Power Pivot is the Engine that Turns Data Into Information!
But We Can’t Understand This Properly Without Examining the Three Big Lies of Data
Goal: Answer Four Frequently-Asked Questions
So many things to say this week. Let’s jump in. Here are the questions I ultimately aim to answer, which are questions I get basically everywhere I go:
- How do all of the Power BI Components relate to each other? Power Pivot, Power Query, Power View, Power Map, Q and A, etc. = Power Confusion for some folks. I get it.
- Has Power Pivot become less important, now that we have all of these other new “Power *” tools?
- Which tool should I learn first in the Power BI family?
- Should I consider abandoning this stuff altogether in favor of <hot new technology X>? Tableau, Hadoop, R, etc.
In order to answer these, first we must confront some insidious lies that we are told every day.
Examining: The Three Big Lies of Data
Even though the Vendors are the Purveyors of these lies, they are NOT “at fault” for them. Because the world actually WANTS to be told these lies. BADLY wants to be told them, in fact. And because the audience is so receptive to these lies, the vendors naturally learn to tell them, and tell them well.
Vendors who DON’T learn to tell these lies? Well, those vendors don’t win many customers. And then those vendors disappear.
So while the lies COME from the vendors, the PROBLEM, really, is with US – the people who BUY the tools.
No, I am not suggesting that we stop buying data tools! Computers, after all, are fantastic at data. Data is basically the ONLY thing that can go into a computer and then come out better. (Computers have a much harder time “improving” IDEAS, for example).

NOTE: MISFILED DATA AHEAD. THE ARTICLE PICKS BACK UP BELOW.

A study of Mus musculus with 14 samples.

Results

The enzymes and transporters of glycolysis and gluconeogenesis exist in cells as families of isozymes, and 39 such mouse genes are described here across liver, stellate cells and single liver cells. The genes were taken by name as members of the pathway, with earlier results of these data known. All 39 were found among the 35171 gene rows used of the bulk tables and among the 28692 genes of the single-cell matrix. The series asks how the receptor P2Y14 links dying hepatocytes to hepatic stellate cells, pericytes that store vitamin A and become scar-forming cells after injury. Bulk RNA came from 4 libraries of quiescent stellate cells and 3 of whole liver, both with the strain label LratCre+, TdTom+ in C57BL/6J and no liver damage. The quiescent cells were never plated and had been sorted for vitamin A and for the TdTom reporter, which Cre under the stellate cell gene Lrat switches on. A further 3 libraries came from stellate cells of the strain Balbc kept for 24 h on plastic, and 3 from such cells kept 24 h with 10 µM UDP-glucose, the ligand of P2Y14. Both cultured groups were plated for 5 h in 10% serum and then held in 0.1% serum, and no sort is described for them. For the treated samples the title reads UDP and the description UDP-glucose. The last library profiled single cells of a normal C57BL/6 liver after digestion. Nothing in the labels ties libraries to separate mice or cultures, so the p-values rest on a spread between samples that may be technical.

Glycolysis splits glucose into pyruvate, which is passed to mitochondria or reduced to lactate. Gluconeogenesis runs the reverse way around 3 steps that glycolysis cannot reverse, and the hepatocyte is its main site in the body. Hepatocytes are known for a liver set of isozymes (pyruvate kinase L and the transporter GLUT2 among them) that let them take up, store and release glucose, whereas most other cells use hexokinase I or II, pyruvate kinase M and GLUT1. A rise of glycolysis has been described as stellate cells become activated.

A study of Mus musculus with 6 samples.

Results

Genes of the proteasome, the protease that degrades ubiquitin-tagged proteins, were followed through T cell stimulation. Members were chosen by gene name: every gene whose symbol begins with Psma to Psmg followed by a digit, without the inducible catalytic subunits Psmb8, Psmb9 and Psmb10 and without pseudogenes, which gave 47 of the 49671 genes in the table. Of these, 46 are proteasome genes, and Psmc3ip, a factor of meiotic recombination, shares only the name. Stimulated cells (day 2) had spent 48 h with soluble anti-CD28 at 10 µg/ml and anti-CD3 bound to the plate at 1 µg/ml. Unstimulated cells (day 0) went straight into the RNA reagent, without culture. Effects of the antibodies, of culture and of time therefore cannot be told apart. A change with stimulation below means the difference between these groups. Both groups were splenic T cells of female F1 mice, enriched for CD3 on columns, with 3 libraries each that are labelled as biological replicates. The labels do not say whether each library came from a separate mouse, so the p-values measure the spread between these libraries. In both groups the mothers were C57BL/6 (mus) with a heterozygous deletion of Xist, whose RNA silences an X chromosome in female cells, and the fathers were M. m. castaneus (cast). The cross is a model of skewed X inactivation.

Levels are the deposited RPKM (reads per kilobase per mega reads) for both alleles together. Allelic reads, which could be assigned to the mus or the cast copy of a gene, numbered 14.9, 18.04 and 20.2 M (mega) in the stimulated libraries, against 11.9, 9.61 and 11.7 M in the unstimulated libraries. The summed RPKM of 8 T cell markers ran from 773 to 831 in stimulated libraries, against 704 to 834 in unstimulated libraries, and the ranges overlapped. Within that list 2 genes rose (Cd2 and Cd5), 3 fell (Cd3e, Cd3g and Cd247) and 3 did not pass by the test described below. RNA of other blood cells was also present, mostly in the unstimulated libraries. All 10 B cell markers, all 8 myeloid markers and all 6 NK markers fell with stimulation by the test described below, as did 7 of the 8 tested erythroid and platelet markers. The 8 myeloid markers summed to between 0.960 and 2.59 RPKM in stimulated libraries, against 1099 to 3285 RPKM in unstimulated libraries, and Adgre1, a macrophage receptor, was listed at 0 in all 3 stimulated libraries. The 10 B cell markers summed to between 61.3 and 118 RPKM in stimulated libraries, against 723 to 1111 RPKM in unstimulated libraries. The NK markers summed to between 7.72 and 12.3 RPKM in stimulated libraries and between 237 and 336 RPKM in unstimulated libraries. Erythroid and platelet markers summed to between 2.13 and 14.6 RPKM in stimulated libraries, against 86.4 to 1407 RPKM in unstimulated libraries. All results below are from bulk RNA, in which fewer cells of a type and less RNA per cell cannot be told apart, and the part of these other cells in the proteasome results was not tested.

Instead, I am advocating that we become smarter buyers of data tools. And then the vendors themselves can start telling a more accurate and honest story, because we will be ready for it.
No more suspense, here are the Three Big Lies:
The Three Big Lies of Data: We Hear Them ALL the Time.
So What’s the Truth?
For starters, let’s try a few things that I believe are Truths:
- Data must inherently be transformed into information. In its raw form, data is really just noise. You can be swimming in it and still be blind.
- Trying to skip that transformation step, and merely “looking at” the data, will RARELY yield useful results.
- The transformation from data to information is NEVER easy, and we should distrust people who promise otherwise.
Your Mission: Ruminate/Comment While I Refine Part Two
I don’t want to rush this, it’s too important. So, I’ll resume Thursday. In the meantime, noodle on this a bit and let me know what you think OK?
The last parting thought, for now, is that I think the people reading this ALREADY know that the three lies are indeed lies, and you ALSO knew those three truths before you read them here.
So really, my mission here is to “crystallize” things you already know, and to give us all concrete ways to talk about them, so that overall, we can move the conversation about data (and tools) to a smarter place.